In my 2012 Awards, I mentioned that I only went to the cinema 14 times last year. That much is true, but I subsequently remembered that I actually went to a different cinema to see The Artist and therefore had only used my Cineworld Unlimited ticket a grand total of 13 times.
What that means is that I paid an average of £13.84 every time I went to see a film.
Talk about poor value for money…
So I’m making a conscious decision to go more often and get some use out of the card in 2013.
That run begins with The Impossible
What’s This One About?
Thoughts – Not Really A Disaster Movie
When I was thinking about how I was going to approach this review during the film, I had considered making a flippant remark about how the film was about a woman who cut her leg during a tsunami trying to get to a hospital, because that’s what it seemed to be about initially.
And in fairness, beyond the wow factor of the tsunami hitting at the start – a special effect that is done exceptionally well by the way – there isn’t much to it in terms of a plot.
But as the film developed it became clear that it wasn’t really about the story moving from A to B to C, but rather about showing the effect the tsunami had on the people caught up on it. Rather than being a ‘Disaster Movie’ in the same way as The Towering Inferno or Volcano where the event is the star of the show, this is more of a study of the immediate aftermath of the incident; the loss, the heartache, the damage the tsunami caused and the chaos in the villages, towns and nearby hospitals.
And what you get is a very powerful piece of film.
Most of the credit has to go to the actors, who are all very good, and I include the child actors in that.
Usually I hate child actors because they are invariably either unconvincingly crap or horribly crafted Hollywood kids who appear to have been bred specifically for the movies (like Macaulay Culkin or the girl from Matilda who you never hear of anymore).
But these ones were all convincing. The oldest and most significant one – Tom Holland – took a little bit of time to grow on me because of his bratty English accent, but I have to say he won me over pretty quick.
And both Ewan McGregor and Naomi Watts were excellent. In particular, the scene were McGregor’s character breaks down on the phone to once of his relatives is heart-wrenchingly believable.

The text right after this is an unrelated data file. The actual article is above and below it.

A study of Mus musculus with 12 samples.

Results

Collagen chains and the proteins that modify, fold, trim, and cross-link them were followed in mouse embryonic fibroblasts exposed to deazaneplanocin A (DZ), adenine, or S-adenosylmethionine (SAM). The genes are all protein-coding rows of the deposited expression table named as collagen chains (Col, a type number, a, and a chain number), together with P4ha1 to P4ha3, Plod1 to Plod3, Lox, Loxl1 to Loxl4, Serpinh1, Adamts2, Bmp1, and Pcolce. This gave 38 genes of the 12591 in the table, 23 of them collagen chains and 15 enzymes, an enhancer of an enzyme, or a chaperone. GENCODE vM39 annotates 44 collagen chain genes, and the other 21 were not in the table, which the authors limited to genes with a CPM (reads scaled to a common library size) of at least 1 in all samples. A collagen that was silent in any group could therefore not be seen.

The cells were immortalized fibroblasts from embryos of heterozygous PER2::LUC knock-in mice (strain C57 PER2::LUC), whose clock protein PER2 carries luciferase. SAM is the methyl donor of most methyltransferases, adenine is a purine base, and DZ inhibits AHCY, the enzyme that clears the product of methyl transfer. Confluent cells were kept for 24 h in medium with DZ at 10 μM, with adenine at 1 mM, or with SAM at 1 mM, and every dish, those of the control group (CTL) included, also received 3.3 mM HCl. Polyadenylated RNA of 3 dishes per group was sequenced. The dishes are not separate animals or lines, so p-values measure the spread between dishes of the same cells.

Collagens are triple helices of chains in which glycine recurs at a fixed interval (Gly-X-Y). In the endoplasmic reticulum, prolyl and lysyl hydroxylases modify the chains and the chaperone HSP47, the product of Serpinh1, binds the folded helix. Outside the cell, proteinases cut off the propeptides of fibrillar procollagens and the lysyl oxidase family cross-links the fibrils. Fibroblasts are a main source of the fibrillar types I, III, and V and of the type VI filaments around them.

‘Based’ On A True Story
The film is called The Impossible, no doubt because of the very long odds of the family being reunited again after the tsunami hit, but it is based on a true story, so what happens must have a certain element of credibility to it.
However, you do have to wonder how much creative license is on display here, because I have to admit I found the way certain members of the family find each other again (and I’m trying to avoid spoilers here…) to be beyond far-fetched.
I know that they must have found each other, otherwise there’s no film to be had here, but it just seemed a little bit too coincidental to be 100% true. Maybe I’m wrong, but it’s so out there that if it wasn’t based on a true story, you’d really mark the film down a few points for coming up with such a twee ending.
Should You Go To See The Impossible?
I think I would place The Impossible on the same shelf as films like United 93 and The Passion of Christ.
You watch them, you are drained by the emotional nature of what is on display in front of you, and though you really enjoy it you’re in no hurry to see it again.
It gives an eye-opening look into just how bad things were during the tsunami and it holds your attention for the whole two hours. My dad – who I went to see this with – said he felt it could have lost around half an hour of screen time and been better for it, but I don’t necessarily agree; I was enthralled throughout.
So I wouldn’t hesitate to recommend you see this film, but I’d be prepared for a more draining emotional couple of hours rather than a Hollywood blockbuster with a dazzling script.